Anthony Blinken confirmed as secretary of State

The longtime Joe Biden confidant faces a world that changed dramatically during Donald Trump’s time in office.

Anthony Blinken, a longtime aide to President Joe Biden, is a strong proponent of turning to international alliances to further U.S. interests


Antony Blinken was confirmed as secretary of State on Tuesday, taking the reins of U.S. foreign policy amid major global challenges and following years of turmoil at the State Department. Blinken won bipartisan approval in the Senate, with a vote of 78-22. He’s expected to begin work almost immediately, including by addressing the workforce at Foggy Bottom.

Anthony Blinken, a longtime aide to President Joe Biden, is a strong proponent of turning to international alliances to further U.S. interests. His resume includes having served as both deputy national security adviser and deputy secretary of State during the Obama administration.

Blinken becomes the chief U.S. diplomat as the U.S. faces tests on multiple fronts, including: a pandemic that has killed 2.1 million people worldwide and ravaged economies; a rising and increasingly aggressive China; a Middle East riven by tensions between Iran and its neighbors; and an increasing exhaustion among Americans with the war in Afghanistan. He has pledged to make “humility and confidence” the twin cornerstones of his approach to the job, a reflection of the Biden team’s view of how America should conduct itself in a world where Washington, D.C., is not the only power center.

The 58-year-old’s Senate confirmation hearing went relatively smoothly, with Republicans expressing delight at times at how often Blinken agreed with them.

For instance, Blinken said former President Donald Trump was right to take a tougher stance on China, although he disagreed with some of the tactics used by the previous administration. He also indicated that he would support keeping some terrorism-related sanctions on the Islamist-led government in Iran, despite the Biden administration’s goal of rejoining the Iran nuclear deal, which Trump quit in 2018.

Still, some Republicans voted against Blinken. They included Sen. Rand Paul of Kentucky, who complained ahead of Tuesday’s vote about Blinken’s past support for U.S. military interventions in places like Libya. He argued that Blinken hasn’t learned the lessons from the chaos that has followed such interventions.

“My opposition of Mr. Blinken to be secretary of State is not so much because I oppose the administration. It’s because I oppose the bipartisan consensus for war,” Paul said.

Blinken earned plenty of praise ahead of the Senate vote, too. The top Democrat on the Senate Foreign Relations Committee, New Jersey’s Bob Menendez, said Blinken was “thoughtful” and “able to grapple with the most complex challenging issues facing our country, and committed to engaging Congress.”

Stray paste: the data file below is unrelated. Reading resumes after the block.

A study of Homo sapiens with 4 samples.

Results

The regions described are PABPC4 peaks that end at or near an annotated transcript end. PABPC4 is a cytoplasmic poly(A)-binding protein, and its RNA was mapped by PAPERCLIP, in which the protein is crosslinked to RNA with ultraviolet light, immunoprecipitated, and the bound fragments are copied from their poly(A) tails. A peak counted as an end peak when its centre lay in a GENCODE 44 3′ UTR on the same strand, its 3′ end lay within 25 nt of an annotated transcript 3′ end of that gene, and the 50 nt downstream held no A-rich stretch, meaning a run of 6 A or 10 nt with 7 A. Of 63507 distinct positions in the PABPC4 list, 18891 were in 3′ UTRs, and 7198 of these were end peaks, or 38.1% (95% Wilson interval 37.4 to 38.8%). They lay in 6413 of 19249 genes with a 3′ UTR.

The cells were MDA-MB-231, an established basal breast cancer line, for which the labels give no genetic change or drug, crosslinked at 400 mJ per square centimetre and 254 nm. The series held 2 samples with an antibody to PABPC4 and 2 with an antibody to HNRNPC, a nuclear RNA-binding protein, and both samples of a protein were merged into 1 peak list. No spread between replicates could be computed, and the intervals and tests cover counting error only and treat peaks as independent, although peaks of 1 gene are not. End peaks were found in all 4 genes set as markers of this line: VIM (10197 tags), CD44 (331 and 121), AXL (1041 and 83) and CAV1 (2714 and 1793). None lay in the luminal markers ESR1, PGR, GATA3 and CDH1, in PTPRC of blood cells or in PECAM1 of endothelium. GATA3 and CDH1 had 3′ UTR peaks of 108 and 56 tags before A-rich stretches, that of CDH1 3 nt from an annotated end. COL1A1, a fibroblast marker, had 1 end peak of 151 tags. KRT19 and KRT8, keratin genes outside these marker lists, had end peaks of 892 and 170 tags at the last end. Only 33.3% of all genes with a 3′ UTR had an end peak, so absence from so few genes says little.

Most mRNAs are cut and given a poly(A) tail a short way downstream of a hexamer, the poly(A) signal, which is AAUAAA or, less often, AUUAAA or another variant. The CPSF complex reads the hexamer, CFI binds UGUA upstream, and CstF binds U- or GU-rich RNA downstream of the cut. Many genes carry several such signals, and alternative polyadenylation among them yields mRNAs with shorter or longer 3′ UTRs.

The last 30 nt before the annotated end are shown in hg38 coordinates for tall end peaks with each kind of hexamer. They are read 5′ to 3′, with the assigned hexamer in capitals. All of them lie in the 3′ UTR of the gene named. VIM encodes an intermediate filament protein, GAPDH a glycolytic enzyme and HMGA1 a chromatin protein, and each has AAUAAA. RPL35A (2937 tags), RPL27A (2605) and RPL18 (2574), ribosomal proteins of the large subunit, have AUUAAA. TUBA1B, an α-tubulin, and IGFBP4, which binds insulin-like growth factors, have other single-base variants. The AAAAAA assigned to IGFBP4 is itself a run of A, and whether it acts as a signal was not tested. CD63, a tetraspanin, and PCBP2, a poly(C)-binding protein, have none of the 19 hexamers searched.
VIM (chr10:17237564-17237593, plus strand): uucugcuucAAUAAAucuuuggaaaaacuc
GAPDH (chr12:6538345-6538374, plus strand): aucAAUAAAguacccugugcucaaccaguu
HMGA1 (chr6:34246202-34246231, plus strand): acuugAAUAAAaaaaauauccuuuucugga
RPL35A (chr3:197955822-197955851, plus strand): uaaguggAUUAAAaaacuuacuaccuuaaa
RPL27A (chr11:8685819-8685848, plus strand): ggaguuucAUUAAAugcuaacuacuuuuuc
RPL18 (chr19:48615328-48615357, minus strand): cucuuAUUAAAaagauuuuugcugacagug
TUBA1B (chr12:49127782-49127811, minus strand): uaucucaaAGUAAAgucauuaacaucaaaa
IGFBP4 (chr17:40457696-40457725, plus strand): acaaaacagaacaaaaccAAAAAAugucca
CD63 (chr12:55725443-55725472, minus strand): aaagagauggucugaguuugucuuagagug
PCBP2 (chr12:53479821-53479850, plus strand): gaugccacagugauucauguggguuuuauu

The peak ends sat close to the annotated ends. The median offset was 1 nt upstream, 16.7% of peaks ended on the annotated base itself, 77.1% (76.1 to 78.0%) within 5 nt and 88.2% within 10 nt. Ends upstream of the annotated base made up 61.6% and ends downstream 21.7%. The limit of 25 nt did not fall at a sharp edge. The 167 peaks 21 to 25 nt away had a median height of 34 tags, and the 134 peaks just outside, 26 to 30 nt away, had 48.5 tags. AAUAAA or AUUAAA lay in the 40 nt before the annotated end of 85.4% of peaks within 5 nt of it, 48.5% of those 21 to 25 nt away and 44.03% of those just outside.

Blinken has long stressed the importance of the United States working with international allies to advance its interests, including standing up to Beijing. He’s fiercely criticized Trump and the former president’s aides for pursuing more unilateral approaches toward diplomacy.

At the same time, Blinken has argued that America should be open to cooperating with adversaries like China and Russia, especially on transnational challenges such as the coronavirus pandemic and climate change.

Under Blinken, the State Department is expected to help rebuild the U.S. refugee resettlement program, which Trump nearly dismantled as he radically restricted the number of refugees admitted each year.

Blinken is well known in Foggy Bottom, where he served as John Kerry’s deputy from 2015 to 2017. That familiarity may help him address the State Department’s sagging morale: Foreign Service officers and other officials often felt marginalized under Trump, who generally ignored their advice and accused them of being members of a “deep state” bent on thwarting his policies.

Trump’s first secretary of State, Rex Tillerson, frequently sidelined career officials and concentrated decision-making in the hands of a few top aides.

Trump’s second secretary of State, Mike Pompeo, improved morale when he first took over, but soon lost the confidence of many veteran diplomats. His refusal to stand up for Marie Yovanovitch, the former U.S. ambassador to Ukraine caught up in Trump’s first impeachment trial, was a particular sore point.

Department employees say they will be watching closely how many in their ranks will be elevated to top positions at the State Department and the National Security Council under Biden and Blinken.

So far, many of the top jobs have gone to outside political appointees or former career officials who left government before or under Trump. But many key roles remain unfilled, including a number of assistant secretary of State positions that could go to current career officials.

Blinken has diplomacy in his blood. His father, Donald Blinken, is a former U.S. ambassador to Hungary, and his uncle, Alan Blinken, served as U.S. ambassador to Belgium.

Blinken was also deeply influenced by his stepfather, Samuel Pisar, an international lawyer who survived the Holocaust and later championed the idea of increasing trade connections as a means of achieving peace between rival powers.